28 January 2010

Articles: Wolff's (Plato's) argument that democracy is irrational

The Royal Institute of Philosophy's journal "Think" has published a string of three articles of possible interest (hard to say as I can't get access to them without paying $45/£30 each – for 4, 6, and 7 pages, respectively, that is!).

Most recently, they published "Reply to Wolff, Plato, Smith, Churchill and Aristotle on Democracy" by Timothy Childers (8 [22], June 2009: pp. 93-9):


Abstract: "Fraser Smith (THINK 16) argues that Plato's argument against democracy as reconstructed by Jonathon [sic] Wolff is flawed because in a 'modern' democracy the people do not rule, but instead elect officials subject to a system of checks and balances. Smith's conception of democracy is much like Churchill's (and Popper's). I will argue that Smith's reply does not address Wolff and Plato's argument. I will then point out that Aristotle replied to Plato's argument in an appealing – and strikingly modern – fashion. Aristotle, I conclude, did justify to at least some degree democracy, and hence did address Plato's argument."

Timothy Childers is a member of the Institute of Logic of the Academy of Sciences of the Czech Republic, Prague.

The article by Fraser W. Smith that Childers refers to is "A Short Reply to Wolff's (Plato's) Argument that Democracy is Irrational" (6 [16], December 2008: pp. 49-52):


Abstract: "Wolff suggests by way of the following argument (adapted by Wolff from Plato's Republic) that democracy appears to be irrational. Here is the argument given: 1) Ruling is a skill. 2) It is rational to leave the exercise of skills to experts [sic] 3) In a democracy the people rule. 4) The people are not experts. Therefore: 5) Democracy is irrational."

Fraser W. Smith's affiliation is not mentioned by the journal.

The original article by Jonathan Wolff is titled "Are We Good Enough for Democracy?" (1 [2], September 2002: pp. 29-34):


Abstract: "Is democracy a good thing? Most of us think so. And yet, as Jonathan Wolff here explains, Plato thought democracy was a very bad idea. If you favour democracy (and I'm guessing you do), then your challenge is to explain what, if anything, is wrong with Plato's argument. So can you?"

The arguments in that article were taken from Wolff's book "Introduction to Political Philosophy" (Oxford University Press, 1996), chapter 3 "Who Should Rule?", section "Plato against democracy"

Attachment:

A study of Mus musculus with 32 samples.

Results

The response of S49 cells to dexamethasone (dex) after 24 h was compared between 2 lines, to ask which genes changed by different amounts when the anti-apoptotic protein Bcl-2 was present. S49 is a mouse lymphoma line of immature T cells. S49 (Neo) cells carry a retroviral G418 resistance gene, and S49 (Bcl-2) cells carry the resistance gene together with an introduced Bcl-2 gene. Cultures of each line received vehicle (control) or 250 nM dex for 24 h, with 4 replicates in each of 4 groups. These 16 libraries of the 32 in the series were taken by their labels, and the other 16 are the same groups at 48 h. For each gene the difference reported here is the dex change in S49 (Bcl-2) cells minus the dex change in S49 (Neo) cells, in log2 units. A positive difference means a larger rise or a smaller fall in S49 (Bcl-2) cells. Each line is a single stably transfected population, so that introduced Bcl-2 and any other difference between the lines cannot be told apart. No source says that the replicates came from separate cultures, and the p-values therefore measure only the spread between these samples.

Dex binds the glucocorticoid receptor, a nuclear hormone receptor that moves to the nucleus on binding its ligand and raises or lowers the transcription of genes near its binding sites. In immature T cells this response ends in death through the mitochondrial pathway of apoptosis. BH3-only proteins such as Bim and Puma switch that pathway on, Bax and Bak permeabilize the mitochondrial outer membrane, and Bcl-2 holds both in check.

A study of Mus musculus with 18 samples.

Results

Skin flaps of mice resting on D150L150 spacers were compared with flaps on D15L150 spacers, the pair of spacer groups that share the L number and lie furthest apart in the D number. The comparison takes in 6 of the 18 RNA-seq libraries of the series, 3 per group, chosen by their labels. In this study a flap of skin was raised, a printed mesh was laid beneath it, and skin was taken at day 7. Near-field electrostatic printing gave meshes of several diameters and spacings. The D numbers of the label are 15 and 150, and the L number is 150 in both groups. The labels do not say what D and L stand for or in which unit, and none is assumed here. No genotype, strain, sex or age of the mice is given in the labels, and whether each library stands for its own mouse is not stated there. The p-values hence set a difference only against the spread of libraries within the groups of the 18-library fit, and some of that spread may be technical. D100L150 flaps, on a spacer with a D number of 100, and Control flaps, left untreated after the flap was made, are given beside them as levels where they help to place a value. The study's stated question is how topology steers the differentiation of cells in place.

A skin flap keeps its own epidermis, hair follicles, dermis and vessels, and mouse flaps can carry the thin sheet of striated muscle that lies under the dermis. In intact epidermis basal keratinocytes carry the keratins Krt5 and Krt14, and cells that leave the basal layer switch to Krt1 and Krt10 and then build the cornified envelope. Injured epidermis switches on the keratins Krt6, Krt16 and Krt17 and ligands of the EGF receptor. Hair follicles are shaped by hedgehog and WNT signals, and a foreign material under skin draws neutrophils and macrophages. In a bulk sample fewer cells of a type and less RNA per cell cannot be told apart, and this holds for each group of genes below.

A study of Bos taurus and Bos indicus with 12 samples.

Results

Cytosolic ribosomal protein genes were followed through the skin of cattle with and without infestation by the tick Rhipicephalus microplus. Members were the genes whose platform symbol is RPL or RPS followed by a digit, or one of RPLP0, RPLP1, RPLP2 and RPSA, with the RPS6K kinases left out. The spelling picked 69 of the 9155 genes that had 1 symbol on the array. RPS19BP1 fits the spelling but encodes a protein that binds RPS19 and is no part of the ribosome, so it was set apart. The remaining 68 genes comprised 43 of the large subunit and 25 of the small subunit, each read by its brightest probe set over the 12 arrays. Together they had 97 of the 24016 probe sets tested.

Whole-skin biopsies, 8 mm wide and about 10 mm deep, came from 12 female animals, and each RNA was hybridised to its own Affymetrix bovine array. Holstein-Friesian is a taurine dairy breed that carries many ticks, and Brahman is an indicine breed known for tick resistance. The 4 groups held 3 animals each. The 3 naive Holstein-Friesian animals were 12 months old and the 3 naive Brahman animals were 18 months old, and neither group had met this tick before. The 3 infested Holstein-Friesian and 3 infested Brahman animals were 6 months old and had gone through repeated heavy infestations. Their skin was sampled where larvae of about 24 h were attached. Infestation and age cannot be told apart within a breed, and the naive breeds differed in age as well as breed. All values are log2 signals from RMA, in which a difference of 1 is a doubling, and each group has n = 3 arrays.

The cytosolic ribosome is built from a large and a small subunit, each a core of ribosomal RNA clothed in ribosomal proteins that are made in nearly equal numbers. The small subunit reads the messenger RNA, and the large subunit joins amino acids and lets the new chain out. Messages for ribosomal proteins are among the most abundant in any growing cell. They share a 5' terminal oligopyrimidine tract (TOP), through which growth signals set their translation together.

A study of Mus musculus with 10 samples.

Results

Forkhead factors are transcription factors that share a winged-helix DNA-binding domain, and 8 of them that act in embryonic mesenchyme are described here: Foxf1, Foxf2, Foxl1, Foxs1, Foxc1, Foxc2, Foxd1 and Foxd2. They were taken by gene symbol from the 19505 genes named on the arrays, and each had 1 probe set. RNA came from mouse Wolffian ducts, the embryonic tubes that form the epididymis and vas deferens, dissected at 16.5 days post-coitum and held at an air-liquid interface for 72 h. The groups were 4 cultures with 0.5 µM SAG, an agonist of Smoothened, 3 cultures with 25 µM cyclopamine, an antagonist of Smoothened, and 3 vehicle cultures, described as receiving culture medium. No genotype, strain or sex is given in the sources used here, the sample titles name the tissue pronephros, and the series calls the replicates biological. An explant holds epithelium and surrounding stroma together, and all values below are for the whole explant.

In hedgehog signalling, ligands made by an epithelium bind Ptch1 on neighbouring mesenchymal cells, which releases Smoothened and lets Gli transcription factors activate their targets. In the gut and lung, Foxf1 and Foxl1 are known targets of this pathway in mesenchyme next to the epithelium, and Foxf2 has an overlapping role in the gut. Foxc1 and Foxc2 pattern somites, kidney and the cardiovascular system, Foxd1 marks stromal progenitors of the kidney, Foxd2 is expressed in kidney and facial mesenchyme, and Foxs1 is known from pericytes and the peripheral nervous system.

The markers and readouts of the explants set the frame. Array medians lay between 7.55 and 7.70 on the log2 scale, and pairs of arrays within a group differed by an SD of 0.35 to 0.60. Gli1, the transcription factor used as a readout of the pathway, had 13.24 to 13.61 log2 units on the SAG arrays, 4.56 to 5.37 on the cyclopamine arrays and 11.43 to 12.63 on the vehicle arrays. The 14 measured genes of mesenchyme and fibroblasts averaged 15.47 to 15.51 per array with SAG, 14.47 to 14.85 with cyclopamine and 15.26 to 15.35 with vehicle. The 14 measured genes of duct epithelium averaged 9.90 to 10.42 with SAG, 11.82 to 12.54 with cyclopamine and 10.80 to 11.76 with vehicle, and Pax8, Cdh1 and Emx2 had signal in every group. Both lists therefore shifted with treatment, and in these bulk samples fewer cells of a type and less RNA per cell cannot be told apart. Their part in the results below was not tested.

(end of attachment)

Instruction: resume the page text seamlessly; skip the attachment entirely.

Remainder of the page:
(pp. 66-77 in the revised edition of 2006):


Excerpts (2006 edition): "On the latter understanding, then, democracy is mob rule: the rule of the rabble, the vulgar, the unwashed, the unfit. But this insult to democracy is a mere preliminary to Plato's main anti-democratic arguments. His basic weapon is the so-called 'craft analogy'. The point is very simple. If you were ill, and wanted advice on your health, you would go to an expert – the doctor. [...] The last thing you would do is to assemble a crowd, and ask them to vote on the correct remedy. The health of the state is a matter of no less importance than the health of any given individual. [...]

"If the people are allowed to decide they will be swayed by those who speak loudest and with most conviction [...]. Meanwhile, those who are truly skilled [...] will be ignored. [...] Ruling, like medicine, navigation, or even farming, is a skill. [...] Just as medicine should be left to the experts, and a medical training only given to those most suited, so should ruling, and a training to rule. [...] Plato's argument against democracy seems devastating. If ruling is a skill, and a skill that can only be attained by the few, then democracy seems plainly absurd or irrational. [...]

"[Plato's experts, the philosopher-kings,] agree to rule, not for the intrinsic or external rewards of the role, but because they would otherwise find themselves ruled by others. Rather than allow other people – worse still, all other people – to rule, they grudgingly accept this necessary duty."

Jonathan Wolff is Professor of Philosophy at University College London.